College is Overrated
What if high schools prepared students for work instead of more school? Education has evolved immensely over the last century. In 1960, the average American had 8.7 years of schooling and jobs were as easy to find as new shoes, yet by 2010, Americans were spending more than 13 years in school, far exceeding China’s 8.3 years (Lee & Lee, 2016).
As a person who has sat in many classrooms throughout my lifetime, I’m highly aware of the trade-off I’ve made for education versus work. Nearly every time I have finished another year of schooling, I have wondered if I’m there yet — if I’m finally considered “educated.” Could I have specialized in a particular career path earlier to shave a few years off of my schooling and cut down on my student loans?
Yes, I could have. Students in Germany are doing it all the time.
More than half of German students get a vocational education that includes a paid apprenticeship. These Germans are paid to learn. It’s a foreign concept in the U.S. where the average Class of 2016 graduate owed $37,172 upon completing their degree. In aggregate, over 44 million Americans carry a staggering $1.4 trillion in student loan debt. More than 11% of American student borrowers are delinquent or in default.
While I was working a summer internship in Meitingen, Germany, I saw young students completing apprenticeships at the company. Many of them probably had more practical skills than I did, and German youth unemployment is less than half of what it is in the United States.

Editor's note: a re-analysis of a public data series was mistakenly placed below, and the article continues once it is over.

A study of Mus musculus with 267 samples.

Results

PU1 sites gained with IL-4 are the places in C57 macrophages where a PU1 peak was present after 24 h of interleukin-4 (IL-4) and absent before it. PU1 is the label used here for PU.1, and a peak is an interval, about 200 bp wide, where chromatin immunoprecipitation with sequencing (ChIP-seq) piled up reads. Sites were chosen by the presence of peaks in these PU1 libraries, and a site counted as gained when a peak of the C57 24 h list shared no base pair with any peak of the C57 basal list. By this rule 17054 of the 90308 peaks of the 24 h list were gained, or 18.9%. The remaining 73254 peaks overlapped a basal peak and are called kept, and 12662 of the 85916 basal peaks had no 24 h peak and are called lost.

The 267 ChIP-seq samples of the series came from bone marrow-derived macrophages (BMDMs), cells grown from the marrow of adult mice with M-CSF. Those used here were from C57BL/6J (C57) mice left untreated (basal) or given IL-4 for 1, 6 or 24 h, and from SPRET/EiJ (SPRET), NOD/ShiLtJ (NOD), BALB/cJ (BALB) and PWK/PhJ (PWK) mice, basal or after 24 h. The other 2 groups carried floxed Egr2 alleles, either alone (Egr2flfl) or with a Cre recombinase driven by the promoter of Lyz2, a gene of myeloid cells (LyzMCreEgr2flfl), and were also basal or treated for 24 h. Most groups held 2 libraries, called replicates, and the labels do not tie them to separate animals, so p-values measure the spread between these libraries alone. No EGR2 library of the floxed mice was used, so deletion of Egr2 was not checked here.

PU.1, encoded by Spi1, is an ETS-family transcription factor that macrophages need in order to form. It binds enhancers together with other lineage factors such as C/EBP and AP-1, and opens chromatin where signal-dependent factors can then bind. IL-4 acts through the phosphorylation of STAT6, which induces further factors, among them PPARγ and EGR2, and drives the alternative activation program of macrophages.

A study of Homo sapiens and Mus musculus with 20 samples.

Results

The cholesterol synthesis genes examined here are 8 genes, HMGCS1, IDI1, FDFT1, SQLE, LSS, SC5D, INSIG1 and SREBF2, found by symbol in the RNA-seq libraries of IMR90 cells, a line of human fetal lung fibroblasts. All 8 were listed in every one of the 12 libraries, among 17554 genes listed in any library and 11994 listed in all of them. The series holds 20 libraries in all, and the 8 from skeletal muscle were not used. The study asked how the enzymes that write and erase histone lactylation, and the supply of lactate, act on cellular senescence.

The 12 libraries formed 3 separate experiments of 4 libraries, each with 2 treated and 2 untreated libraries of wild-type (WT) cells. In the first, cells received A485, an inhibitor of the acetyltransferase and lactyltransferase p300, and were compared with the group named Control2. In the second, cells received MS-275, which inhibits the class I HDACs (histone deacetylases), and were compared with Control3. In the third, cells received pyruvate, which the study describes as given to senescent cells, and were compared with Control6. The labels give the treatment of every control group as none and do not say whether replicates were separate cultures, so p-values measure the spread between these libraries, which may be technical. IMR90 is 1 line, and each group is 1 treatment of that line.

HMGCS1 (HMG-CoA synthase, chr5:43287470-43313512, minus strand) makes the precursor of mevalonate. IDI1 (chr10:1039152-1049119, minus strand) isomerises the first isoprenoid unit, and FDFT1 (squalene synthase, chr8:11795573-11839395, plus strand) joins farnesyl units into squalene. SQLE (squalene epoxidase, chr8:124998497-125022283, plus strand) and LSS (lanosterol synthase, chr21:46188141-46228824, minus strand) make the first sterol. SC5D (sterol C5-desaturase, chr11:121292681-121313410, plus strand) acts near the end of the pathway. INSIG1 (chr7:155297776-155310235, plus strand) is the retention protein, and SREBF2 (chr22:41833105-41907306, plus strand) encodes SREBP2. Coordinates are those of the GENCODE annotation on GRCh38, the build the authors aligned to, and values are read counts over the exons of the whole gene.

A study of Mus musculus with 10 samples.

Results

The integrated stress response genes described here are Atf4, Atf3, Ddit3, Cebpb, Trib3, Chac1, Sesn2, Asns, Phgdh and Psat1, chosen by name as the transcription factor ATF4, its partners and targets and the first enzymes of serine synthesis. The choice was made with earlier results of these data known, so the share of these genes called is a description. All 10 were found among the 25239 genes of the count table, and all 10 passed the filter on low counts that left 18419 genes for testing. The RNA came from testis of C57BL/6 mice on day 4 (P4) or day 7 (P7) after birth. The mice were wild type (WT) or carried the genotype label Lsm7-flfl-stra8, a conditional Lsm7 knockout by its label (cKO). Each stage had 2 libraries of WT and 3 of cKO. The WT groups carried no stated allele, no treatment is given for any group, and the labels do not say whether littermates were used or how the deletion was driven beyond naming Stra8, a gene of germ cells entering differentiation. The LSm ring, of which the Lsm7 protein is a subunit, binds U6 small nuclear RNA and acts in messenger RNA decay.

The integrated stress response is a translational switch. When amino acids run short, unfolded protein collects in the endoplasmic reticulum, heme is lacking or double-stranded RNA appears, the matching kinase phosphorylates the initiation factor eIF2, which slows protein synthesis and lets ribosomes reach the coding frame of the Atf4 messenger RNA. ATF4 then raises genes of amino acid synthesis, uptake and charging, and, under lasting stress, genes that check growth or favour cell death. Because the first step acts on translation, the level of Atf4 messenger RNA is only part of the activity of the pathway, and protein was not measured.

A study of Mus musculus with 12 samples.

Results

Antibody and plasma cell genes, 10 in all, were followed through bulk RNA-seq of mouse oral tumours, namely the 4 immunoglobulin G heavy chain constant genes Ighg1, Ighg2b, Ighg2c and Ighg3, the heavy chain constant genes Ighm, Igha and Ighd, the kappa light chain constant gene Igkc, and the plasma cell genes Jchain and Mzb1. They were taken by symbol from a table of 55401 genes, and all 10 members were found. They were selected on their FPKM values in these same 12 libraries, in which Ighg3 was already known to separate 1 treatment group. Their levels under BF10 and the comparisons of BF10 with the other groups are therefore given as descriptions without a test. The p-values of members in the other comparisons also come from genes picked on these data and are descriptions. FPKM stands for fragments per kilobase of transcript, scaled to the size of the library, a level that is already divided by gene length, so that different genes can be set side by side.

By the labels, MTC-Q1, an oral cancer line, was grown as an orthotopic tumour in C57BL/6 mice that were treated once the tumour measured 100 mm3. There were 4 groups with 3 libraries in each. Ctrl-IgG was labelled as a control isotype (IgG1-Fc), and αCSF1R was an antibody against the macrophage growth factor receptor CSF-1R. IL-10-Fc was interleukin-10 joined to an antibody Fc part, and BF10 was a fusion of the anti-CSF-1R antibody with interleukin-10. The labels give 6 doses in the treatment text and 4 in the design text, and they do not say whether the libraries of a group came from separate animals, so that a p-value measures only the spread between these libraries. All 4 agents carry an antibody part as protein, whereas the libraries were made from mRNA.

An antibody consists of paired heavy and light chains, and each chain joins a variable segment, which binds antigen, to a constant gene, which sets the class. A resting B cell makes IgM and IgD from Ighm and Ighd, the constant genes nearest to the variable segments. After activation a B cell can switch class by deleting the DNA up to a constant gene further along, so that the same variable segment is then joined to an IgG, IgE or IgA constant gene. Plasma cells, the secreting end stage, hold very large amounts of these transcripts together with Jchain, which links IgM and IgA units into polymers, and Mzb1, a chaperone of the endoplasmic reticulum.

American students who don’t go to college have, on average, worse financial outcomes than college graduates in the long term, but well-trained vocational graduates are the exceptions when compared to peer groups. Some students receive highly specialized career technical education (CTE) in high school that directly prepares them for jobs, so employers hire them for skilled careers right after graduation. These students have the option to go to college later after earning money and experience.
High school vocational education has the power to place students in higher-paying jobs than many college graduates are getting.
The Chicago Public School District recently announced a program to train K-12 students in computer science as a requirement for graduation. AP computer science test takers have doubled since 2010. More students, teachers, parents, and administrators are recognizing the value of basic coding skills. Tech companies have developed curricula for programming online and in the classroom. MIT has even developed a program to make coding simple and engaging enough for elementary school students.
As experience shows, flexibility in curriculum design enables schools to implement specialized training programs that give students expanded professional opportunities. College shouldn’t be the only path to prosperity, and students across the U.S. are succeeding with lower-cost vocational schools. Students get work experience earlier and they aren’t burdened with excessive, unnecessary student debt.
The federal government should completely exit the business of making student loans. Private banks are fully capable of making these loans. Artificially low interest rates on student loans give schools an excuse to charge more tuition without providing the complementary employment opportunities. In free markets, interest rates reflect the variable risk of universities. Schools that have high job placement rates deserve lower interest rates, and vice versa. Rather than thinking about how to spend more federal money on college tuition, our policymakers should be thinking about how to expand CTE in secondary schools.
CTE doesn’t mean students have to become plumbers. It means that K-12 students learn practical skills that employers value, whether they’re learning bio-manufacturing, finance, coding, medicine, construction, or data science.